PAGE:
Drug War Chronicle has this week focused on the results of ballot measures and individual candidacies of relevance to drug policy reform. We will next week publish an in-depth analysis of the potential impact that the change of control of Congress from the Republicans to the Democrats could have on our issue, but in the meanwhile a few brief comments:
First, while DRCNet is a commitedly non-partisan organization that has had both good and bad -- mostly bad -- to say about both major parties' stances on drug policy, at the present moment in time our cause or at least some politically current corners of it, has more friends on the Democratic side of the aisle. Some of them are expected to take the chairmanships of key committees:
- Rep. John Conyers (D-MI) is the next likely chairman of the House Judiciary Committee. He replaces James Sensenbrenner (R-WI), one of the most extreme drug warriors in Congress. Click here to read about Conyers' appearance at our Perry Fund event in Washington last year.)
- Rep. Bobby Scott (D-VA), a committed criminal justice reform, is headed toward chairmanship of the subcommittee of Judiciary that deals with crime legislation.
- George Miller (D-CA) is the likely chair of the House Education and the Workforce Committee, and Ted Kennedy (D-MA) of the Senate committee dealing with education, two of our best supporters in the effort to repeal the Higher Education Act drug provision -- we've gotten it part of the way already, it now may be a real possibility to get rid of it entirely.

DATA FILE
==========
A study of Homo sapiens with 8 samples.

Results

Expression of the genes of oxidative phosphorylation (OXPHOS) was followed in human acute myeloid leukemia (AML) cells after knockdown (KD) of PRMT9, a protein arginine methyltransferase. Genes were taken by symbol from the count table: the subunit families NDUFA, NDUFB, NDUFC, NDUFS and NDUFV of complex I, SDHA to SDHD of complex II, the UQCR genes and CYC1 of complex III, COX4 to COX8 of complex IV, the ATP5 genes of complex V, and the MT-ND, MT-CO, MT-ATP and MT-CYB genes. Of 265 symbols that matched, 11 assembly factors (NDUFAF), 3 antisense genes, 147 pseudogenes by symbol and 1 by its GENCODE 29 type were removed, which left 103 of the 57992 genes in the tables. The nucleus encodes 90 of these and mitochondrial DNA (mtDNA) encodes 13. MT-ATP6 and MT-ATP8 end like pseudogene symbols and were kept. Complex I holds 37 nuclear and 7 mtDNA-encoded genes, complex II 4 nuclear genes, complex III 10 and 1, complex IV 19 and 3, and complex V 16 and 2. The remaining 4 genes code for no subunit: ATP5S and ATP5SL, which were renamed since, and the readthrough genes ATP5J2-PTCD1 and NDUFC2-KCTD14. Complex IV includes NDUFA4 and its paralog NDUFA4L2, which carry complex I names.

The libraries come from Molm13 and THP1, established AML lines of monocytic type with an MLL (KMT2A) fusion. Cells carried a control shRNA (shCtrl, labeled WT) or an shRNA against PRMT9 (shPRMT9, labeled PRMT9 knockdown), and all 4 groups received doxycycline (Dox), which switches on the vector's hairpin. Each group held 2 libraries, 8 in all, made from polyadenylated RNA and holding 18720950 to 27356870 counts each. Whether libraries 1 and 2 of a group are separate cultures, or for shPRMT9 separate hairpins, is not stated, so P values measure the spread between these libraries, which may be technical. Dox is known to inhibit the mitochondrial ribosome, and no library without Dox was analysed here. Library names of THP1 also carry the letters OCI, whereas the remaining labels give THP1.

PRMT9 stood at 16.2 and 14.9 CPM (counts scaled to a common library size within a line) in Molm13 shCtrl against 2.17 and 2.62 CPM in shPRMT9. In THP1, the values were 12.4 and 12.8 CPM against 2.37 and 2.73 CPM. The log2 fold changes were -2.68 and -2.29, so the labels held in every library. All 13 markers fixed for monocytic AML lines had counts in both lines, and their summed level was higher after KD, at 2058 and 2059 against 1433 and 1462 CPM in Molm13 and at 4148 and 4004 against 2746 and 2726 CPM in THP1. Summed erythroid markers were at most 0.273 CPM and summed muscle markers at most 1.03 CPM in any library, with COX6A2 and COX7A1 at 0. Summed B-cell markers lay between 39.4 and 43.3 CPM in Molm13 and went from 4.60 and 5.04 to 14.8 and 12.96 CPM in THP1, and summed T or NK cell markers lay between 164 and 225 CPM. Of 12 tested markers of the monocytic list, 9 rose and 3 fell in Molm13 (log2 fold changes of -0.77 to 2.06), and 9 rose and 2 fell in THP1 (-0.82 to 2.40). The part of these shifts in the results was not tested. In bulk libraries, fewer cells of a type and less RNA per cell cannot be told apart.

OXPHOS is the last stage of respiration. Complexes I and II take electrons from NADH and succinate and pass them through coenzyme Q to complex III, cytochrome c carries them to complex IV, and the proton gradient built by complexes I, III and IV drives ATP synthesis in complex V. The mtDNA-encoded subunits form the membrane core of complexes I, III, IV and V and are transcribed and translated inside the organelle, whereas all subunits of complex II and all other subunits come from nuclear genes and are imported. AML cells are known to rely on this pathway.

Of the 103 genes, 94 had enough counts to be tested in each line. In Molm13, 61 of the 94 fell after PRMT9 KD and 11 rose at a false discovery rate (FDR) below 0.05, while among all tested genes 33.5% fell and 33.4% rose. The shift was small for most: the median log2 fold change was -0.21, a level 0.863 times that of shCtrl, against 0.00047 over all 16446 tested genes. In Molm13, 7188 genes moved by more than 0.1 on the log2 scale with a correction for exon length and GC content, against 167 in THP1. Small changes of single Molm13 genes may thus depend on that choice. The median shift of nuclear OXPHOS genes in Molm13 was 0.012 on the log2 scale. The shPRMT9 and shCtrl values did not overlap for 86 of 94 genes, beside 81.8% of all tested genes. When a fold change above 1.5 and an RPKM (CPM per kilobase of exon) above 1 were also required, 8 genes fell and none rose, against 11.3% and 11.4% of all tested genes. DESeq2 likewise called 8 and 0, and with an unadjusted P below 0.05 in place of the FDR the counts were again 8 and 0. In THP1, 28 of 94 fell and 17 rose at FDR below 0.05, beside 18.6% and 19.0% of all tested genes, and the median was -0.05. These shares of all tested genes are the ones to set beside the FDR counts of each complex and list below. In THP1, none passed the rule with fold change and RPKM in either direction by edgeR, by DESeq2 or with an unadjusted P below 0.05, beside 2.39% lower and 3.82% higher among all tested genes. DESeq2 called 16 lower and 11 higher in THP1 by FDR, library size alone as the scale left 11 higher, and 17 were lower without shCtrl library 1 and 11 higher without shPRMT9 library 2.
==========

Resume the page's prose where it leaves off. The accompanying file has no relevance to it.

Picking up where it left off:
- Pat Leahy (D-VT) is in line to chair the Senate Judiciary Committee, another of the best members of Congress on criminal justice issues. The current chairman, Arlen Specter (R-PA), is pretty decent on drug policy, better I would say than a lot of Democrats. But Leahy will probably do more for us, and Specter will still be there as the ranking minority member.
This is not to say that the Democratic Party is a reliable ally for us by any means. After all, the terrible mandatory minimums we are living with today were enacted 20 years ago by a Democratically-controlled Congress, on the initiative of Democratic leaders. Only a few months ago Democratic Senator Charles Schumer sponsored millions of dollars of funding for opium eradication in Afghanistan, in our opinion a big mistake and unjust to the farmers who have no other effective way of feeding their families.
Nevertheless, in our opinion we now have a much better fighting chance -- not yet for legalization, perhaps, but for much positive progress -- and less of a chance of seeing really bad bills go through. Sentencing reform, needle exchange, scaling back Plan Colombia funding, even medical marijuana -- could they happen? The answer is now a definite maybe.
The more our forces grow, the more of you, our readers, take action, the more clout the cause will have with both Democrats and Republicans. We are at a juncture of historic possibilities in the issue, and we hope we can count on your support and participation in the months and years to come.